So now we are on Sunday. Spirits were still good, since we all had always promised ourselves to see this as a mini holiday rather than a serious “must sell” event. We packed all our stuff from the rooms, loaded the cars, dropped Michael’s car at a parking lot outside the estate and arrived again well in time before the RCA tent even opened.
Obviously our expectations in terms of sales were dampened, and the start to the day was indeed slow. However, it did pick up considerably, and in the end Sunday was a good day. In fact, had all three days had the same turnover as Sunday, we would have walked away with a small profit. There were even some people who poked their heads in in the morning, said they’d come back in the afternoon, and they did. We sold the last item, a pair of candlesticks for £35, just before we started packing up all our goods. Last minute, sort of. No discount, though (can’t afford that).
We also had some surprise visitors. At around 11:00, Helen’s cousin Jane popped in to pay us a visit. She runs her own business with flower arrangements, mostly for weddings and birthdays, and therefore has a good appreciation for what goes into running a small business and preparing a trade stall. She even bought a bottle stopper as a present for her dad. We always suspected she might pay us a visit, but it was still nice to see her.
And then an even bigger surprise. Another of Helen’s cousins, John, and his wife Rachel, appeared in the tent. They were completely unexpected, and John admitted that if it wasn’t for the fine weather and the fact that they live just round the corner, they wouldn’t have come. They didn’t even know we had a stall there (I don’t promote my business amongst the family, it either works with the general public or it doesn’t). And they also bought some small items.
And then we had a guy who bought my red monkeypuzzle bowl. He was so taken in by the various bowls, his wife had to almost physically restrain him from buying more than one. Not that we would have minded.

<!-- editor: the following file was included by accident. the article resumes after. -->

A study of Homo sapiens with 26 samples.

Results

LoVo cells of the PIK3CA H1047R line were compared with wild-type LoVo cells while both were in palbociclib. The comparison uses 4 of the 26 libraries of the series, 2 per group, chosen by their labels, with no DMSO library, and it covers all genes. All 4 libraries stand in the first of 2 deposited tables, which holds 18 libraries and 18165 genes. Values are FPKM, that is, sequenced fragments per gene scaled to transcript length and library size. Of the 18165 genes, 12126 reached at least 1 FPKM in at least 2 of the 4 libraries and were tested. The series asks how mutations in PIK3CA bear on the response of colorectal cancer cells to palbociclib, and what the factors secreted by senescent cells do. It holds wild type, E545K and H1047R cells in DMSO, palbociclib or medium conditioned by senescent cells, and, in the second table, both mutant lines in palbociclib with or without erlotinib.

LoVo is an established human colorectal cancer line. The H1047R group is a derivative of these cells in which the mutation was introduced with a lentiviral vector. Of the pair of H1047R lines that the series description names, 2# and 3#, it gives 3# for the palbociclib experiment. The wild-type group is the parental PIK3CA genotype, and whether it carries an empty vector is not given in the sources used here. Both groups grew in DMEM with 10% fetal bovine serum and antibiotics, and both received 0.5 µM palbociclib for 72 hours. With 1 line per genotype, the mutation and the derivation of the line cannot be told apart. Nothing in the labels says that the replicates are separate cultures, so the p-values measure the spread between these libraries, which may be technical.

Customers are a funny lot. They come in all shades, ages, genders (we even had a gay couple), you name it. That goes to show that the fascination with wood goes across all boundaries, age groups, education. Most people like the material, and want to touch it, feel the grain. I just have to figure out what to put in front of them, so that they cannot resist and buy it.
In the end, we sold about a dozen items on Sunday, all across the range from £3.50 to £65. In the end we had even used the payment box a few times, and it worked smoothly. What a relief. Nobody ever haggled over the prices, but then some of the items were priced down from my usual level. Again, this is an area where I have to figure out what I can charge without scaring people off. If somebody is willing to spend £60 on a nice bowl, would they also spend £70 or £80?
Around 17:45 we started packing our stuff, and by 19:00 we were ready to leave. That was another success, being able to break down the stand and put it into the van completely in less than 90 minutes helps. The trip back home was largely uneventful, and that was Chatsworth done.
The next couple of posts will deal with things like: success or failure, being considerate or not, and other general ramblings. Oh, and lest I forget, I have now secured a stall at the Craft & Design Expirience in Henley-on-Thames, running from 24th of June to 26th of June. See you there!